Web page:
Measuring the Quality of Care at the Cedars-Sinai Center for Minimally Invasive Gynecologic Surgery
Physicians in the Center for Minimally Invasive Gynecologic Surgery have combined surgical volume with state of the art technology to safely perform complex procedures like hysterectomies.
Comparing Hysterectomy Rates Performed Laparoscopically and Using a Traditional Open Approach at the Cedars-Sinai Center for Minimally Invasive Gynecologic Surgery
In a study examining the three surgical approaches to performing a hysterectomy (abdominal, vaginal or laparoscopic), the benefits of the minimally invasive laparoscopic approach compared to the abdominal approach included speedier return to normal activities, less bleeding during surgery, shorter hospital stay and fewer infections. 1, 2
From a cross-sectional analysis of the 2010 Nationwide Inpatient Sample3, among 410,142 hysterectomies, 23.3% were performed laparoscopically, 47.4% abdominally (or open), and 29.3% vaginally. As detailed in the table below, Cedars-Sinai’s CMIGS physicians have performed these cutting-edge laparoscopic hysterectomies at more than double the national average.
As detailed in the table below, Cedars-Sinai’s CMIGS physicians have performed these cutting-edge laparoscopic hysterectomies at more than double the national average.
Cedars-Sinai Center for Minimally Invasive Gynecologic Surgery
|Percentage of Hysterectomies Performed for Benign Conditions:||2010||July 1, 2009 - June 30, 2010||July 1, 2010 - June 30, 2011||July 1, 2011 - June 30, 2012|
1 Nieboer TE, Johnson N, Lethaby A, et al. Surgical approach to hysterectomy for benign gynaecological disease. Obstetrics and Gynaecology, 2009 Jul 8;(3):CD003677.
2 ACOG Committee Opinion No. 444: choosing the route of hysterectomy for benign disease. Obstet Gynecol, 2009 Nov;114(5):1156-8.
3 HCUP Nationwide Inpatient Sample (NIS), 2010, Agency for Healthcare Research and Quality (AHRQ), based on data collected by individual states and provided to AHRQ by the states. Sample size 410,142 patients
Volume and Average Length of Stay for Hysterectomy Patients Treated at the Cedars-Sinai Center for Minimally Invasive Gynecologic Surgery
This quality measure refers to the average number of days a patient stays at Cedars-Sinai Medical Center after being admitted for a hysterectomy. The goal is to ensure that all patients are appropriately treated in the hospital for their respective conditions and are not hospitalized longer than necessary. Studies show that patients who spend less time in the hospital after surgery will have fewer complications.4,5,6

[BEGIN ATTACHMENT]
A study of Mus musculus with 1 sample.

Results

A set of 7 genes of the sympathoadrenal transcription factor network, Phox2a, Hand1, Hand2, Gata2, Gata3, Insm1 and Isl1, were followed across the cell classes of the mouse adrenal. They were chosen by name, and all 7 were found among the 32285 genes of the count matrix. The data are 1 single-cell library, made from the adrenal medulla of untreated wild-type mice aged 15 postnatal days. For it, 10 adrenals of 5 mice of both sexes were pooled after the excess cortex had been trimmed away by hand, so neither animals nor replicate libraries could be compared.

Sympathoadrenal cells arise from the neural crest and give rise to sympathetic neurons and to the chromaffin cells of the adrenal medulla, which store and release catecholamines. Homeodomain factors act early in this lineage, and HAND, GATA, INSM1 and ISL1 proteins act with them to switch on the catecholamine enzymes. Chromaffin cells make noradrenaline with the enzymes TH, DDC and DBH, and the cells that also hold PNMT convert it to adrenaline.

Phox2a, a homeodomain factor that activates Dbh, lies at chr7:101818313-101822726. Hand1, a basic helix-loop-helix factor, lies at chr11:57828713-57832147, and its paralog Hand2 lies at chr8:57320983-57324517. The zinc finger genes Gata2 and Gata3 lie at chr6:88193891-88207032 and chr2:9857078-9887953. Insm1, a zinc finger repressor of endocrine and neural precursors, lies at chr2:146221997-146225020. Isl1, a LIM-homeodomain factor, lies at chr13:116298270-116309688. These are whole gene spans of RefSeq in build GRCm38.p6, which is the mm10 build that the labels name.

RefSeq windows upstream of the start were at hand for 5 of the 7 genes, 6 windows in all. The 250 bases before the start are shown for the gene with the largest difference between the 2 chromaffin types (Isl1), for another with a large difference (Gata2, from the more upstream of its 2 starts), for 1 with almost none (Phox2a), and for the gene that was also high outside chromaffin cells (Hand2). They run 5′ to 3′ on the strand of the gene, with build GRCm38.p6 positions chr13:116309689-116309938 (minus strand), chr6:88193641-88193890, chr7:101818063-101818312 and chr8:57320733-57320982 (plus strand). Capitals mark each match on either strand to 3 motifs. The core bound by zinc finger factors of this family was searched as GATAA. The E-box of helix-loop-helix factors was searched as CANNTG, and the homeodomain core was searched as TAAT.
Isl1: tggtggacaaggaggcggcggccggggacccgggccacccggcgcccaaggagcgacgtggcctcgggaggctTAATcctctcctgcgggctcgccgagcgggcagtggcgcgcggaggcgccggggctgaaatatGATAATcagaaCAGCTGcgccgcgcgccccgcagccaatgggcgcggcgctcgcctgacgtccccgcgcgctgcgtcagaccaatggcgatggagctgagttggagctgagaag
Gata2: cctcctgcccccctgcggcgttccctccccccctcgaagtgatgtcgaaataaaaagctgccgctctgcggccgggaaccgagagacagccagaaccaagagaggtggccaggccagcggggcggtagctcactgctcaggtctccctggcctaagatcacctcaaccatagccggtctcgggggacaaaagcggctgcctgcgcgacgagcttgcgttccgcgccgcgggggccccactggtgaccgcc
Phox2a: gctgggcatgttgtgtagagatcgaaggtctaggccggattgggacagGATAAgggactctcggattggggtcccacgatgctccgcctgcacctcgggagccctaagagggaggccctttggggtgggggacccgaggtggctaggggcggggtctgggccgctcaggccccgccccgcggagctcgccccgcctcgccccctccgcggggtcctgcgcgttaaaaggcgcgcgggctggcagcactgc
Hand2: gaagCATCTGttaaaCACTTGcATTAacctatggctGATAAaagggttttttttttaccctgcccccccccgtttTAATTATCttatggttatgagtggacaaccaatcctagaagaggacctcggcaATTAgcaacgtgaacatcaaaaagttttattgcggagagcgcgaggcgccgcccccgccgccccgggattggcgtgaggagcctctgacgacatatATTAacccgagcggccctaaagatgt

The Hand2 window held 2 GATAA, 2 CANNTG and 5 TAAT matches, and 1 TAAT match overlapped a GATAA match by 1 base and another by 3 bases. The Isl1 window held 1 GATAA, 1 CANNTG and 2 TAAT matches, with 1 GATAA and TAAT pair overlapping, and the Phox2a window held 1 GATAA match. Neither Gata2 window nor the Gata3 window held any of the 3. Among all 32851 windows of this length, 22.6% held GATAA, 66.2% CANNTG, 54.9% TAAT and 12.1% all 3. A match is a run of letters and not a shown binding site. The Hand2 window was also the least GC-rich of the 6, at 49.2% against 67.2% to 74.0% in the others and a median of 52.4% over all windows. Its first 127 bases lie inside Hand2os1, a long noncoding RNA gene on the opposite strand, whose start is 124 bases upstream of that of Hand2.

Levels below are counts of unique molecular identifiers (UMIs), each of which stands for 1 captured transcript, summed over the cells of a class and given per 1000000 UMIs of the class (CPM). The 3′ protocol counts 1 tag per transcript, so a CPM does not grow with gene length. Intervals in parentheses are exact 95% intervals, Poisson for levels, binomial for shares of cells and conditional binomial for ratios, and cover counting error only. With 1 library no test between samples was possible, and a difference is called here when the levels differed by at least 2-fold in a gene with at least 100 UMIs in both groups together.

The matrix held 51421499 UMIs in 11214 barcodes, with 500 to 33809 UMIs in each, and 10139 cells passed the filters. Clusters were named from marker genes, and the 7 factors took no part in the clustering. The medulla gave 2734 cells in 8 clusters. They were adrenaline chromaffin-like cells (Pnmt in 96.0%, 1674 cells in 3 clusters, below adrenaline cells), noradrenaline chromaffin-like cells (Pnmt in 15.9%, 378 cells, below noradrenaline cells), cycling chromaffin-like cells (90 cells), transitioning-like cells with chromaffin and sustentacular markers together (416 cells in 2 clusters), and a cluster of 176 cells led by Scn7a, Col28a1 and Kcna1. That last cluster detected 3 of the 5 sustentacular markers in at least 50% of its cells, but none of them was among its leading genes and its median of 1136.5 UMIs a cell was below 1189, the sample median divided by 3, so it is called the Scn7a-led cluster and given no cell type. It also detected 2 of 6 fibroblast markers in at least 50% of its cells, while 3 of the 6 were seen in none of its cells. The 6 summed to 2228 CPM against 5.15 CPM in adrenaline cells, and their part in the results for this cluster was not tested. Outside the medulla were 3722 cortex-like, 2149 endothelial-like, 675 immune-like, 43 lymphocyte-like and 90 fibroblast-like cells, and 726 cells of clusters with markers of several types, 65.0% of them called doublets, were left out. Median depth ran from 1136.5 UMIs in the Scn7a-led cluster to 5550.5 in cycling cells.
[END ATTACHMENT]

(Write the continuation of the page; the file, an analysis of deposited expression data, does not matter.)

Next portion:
From a cross-sectional analysis of the 2011 UHC national data7, laparoscopic procedures resulted in an average length of stay of 1.58 days, abdominal (or open) procedures resulted in an average length of stay of 3.92 days ad vaginal procedures resulted in an average length of stay of 1.62 days. As detailed in the chart below, laparoscopic hysterectomies performed by Cedars-Sinai's CMIGS physicians resulted in a consistently shorter length of stay, currently less than the national average.
Procedure Volumes and Average Length of Stay at the Cedars-Sinai Center for Minimally Invasive Surgery from July 1, 2010 to June 30, 2011:
Average Length of Stay (In Days)
UHC Average Length of Stay
4 Rotter T, Kinsman L, James E, et al. Clinical pathways: effects on professional practice, patient outcomes, length of stay and hospital costs. Department of Public Health, Dresden Medical School, University of Dresden, Dresden, Germany, D-01307, 2010 Mar 17;3:CD006632.
5 Becker ER. National trends and determinants of hospitalization costs and lengths-of-stay for uterine fibroids procedures. J Health Care Finance, 2007 Spring; 33(3):1-16.
6 Pearson SD, Kleefield SF, Soukop JR, et al. Critical pathways intervention to reduce length of hospital stay. Am J Med, Department of Ambulatory Care and Prevention, Harvard Medical School and Harvard Pilgrim Health Care; and the Division of General Medicine, Brigham and Women's Hospital, Boston, Massachusetts, USA, 2001 Feb 15;110(3):175-80.
7 The UHC is an alliance of 116 academic medical centers and 276 of their affiliated hospitals representing approximately 90% of the nation's non-profit academic medical centers; most of these facilities participate in the Clinical DataBase/Resource Manager. The data is for patients discharged Jan-Dec 2011, and was accessed on October 4, 2012. Patient populations are defined as follows: laparoscopic = ICD-9 primary procedure 68.31, 68.41, or 68.51; abdominal/open = ICD-9 primary procedure 68.39, 68.49, or 68.9; and vaginal procedures are those with primary procedure code 68.59. Cases with malignancy as defined by DRG 742 or 742 are excluded.